The Collector’s Companion was launched by Terry Smith in summer 1995 with 12 pages of adverts and articles. How we’ve grown! Impressively, a quarter of the advertisers in this issue have been with us for over 20 years, so to celebrate we thought we’d take a look at the familiar names from our first 25 issues.
How did you start out in the antiques trade?
Tony (Bushwood Antiques): I started off as a young boy by going to jumble sales and buying records called 78’s and then reselling them, sometimes to rag & bone men.
Becky (Mainly Deco): From an early age I attended auctions with my parents, who were avid collectors. From then I started collecting myself. After going to university I decided to make my hobby into a business and I opened my shop, Mainly Deco in 1997.
Alison (Home & Colonial): I went to auctions with my grandfather so I’ve had an interest since an early age! I started buying antiques and renovating them for our first home.
Richard Frost (Book Fair): I had always been keen on buying old books from the age of 10 when I purchased a bound 1890s volume of “Punch” magazine for 5/-. in a second hand bookshop in Folkestone.
How has trade changed since the 1990s?
Becky: I still have avid collectors, but there are definitely more people purchasing for use in their homes and interiors. I think it’s more about the look and how that item will fit within their homes.
Marcel (Marcel Fairs): There’s more younger & older people both taking stalls & visiting. Furniture has disappeared from a lot of the fairs but jewellery remains popular.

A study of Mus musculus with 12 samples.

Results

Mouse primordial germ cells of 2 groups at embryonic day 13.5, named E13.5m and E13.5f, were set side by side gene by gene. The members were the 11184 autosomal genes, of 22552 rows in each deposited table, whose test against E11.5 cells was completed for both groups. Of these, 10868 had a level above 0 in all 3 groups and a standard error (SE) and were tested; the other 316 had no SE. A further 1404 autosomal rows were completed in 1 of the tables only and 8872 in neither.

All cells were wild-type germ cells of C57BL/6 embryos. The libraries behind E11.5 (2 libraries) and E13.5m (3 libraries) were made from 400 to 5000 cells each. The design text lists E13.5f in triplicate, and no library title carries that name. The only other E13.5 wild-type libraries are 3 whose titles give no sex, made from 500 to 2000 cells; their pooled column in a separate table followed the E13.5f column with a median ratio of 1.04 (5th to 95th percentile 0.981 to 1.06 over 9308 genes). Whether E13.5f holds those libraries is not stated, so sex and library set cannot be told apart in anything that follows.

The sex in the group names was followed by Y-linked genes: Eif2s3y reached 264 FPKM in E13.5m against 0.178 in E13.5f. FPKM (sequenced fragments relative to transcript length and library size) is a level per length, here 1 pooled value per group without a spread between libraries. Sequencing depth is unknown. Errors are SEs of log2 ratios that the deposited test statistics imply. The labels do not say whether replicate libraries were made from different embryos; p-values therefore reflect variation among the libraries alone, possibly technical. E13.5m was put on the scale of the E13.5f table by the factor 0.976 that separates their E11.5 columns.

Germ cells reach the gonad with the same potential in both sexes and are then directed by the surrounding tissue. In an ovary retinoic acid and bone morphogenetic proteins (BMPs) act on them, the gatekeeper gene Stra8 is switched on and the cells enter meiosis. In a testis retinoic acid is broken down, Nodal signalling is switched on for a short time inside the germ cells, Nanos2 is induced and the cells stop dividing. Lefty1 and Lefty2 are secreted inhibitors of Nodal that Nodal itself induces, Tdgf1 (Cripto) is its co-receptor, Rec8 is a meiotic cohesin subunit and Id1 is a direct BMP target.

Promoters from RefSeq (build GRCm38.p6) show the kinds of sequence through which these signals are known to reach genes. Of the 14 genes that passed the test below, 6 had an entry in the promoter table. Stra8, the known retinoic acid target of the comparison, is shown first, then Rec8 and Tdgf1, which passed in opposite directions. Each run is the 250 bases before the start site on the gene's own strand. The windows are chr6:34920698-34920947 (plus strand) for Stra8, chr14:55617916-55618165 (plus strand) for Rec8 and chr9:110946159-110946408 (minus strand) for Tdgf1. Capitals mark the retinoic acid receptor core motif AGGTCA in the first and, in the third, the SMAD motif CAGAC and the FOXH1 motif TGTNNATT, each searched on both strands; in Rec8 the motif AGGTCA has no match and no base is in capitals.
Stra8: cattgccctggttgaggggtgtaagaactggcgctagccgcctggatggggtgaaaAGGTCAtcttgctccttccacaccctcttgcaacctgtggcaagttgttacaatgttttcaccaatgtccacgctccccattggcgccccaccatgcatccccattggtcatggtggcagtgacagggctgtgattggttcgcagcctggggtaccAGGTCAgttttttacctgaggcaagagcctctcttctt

Alison: We have seen a range of ages and more men shop with us over the years. Brown antique furniture was popular back in the late 90s and we used to sell a lot of oak and Arts & Crafts pieces. At the moment mid century is extremely popular.
Tony: The price of renting a shop in London became prohibitive for a lot of dealers. They were forced to rely on antique fairs. Then the Americans stopped coming over. And antique furniture had, by then, gone out of fashion. The result is that many big dealers have gone out of business. I am one of the few that have survived and I have done it by selling to the public as well as to the trade.
Becky: There is definitely a trend towards modern and vintage. I sell a lot more ceramics and glass from the 1950s – 1980s than the 1930s now.
Richard: A vast number of books have been published since I started selling in 1988. Most old books have no second hand value, even if they are over 100 years old. The cheaper end of the market has long been taken over by the charity shops, and some of them now refuse to take second hand books. There is no option but to put many used books in the recycling.
What’s the secret to your success?
Becky: I love what I do! I collect myself so I’m always looking for items. It’s a passion that never fades.
Marcel: You’ll have to ask my participating dealers.
Alison: The unique and high quality stock that our dealers are continually sourcing. The way we display everything beautifully in room settings. Excellent customer service from our wonderful dealers. Many dealers have been with us from the day we opened and we are like one big family!
What advice would you give to those starting out?
Becky: Get to know your customers and what they want and at what price. Keep up with current trends and always try to work out what the next one is going to be. Try not to buy anything which is damaged or restored and if possible buy the best you can.
Marcel: Think hard about starting. Ask a lot of questions of the organisers. It might seem easy from the outside but in reality is hard, especially selling the spaces and filling them with last minute cancellations
Alison: The stock needs to be high quality and well presented. Variety of stock is also important and things need to keep changing to encourage customers back.
Tony: My advice to anyone thinking of starting out in the antiques trade would be… get yourself a proper job! Just joking! Give it a go.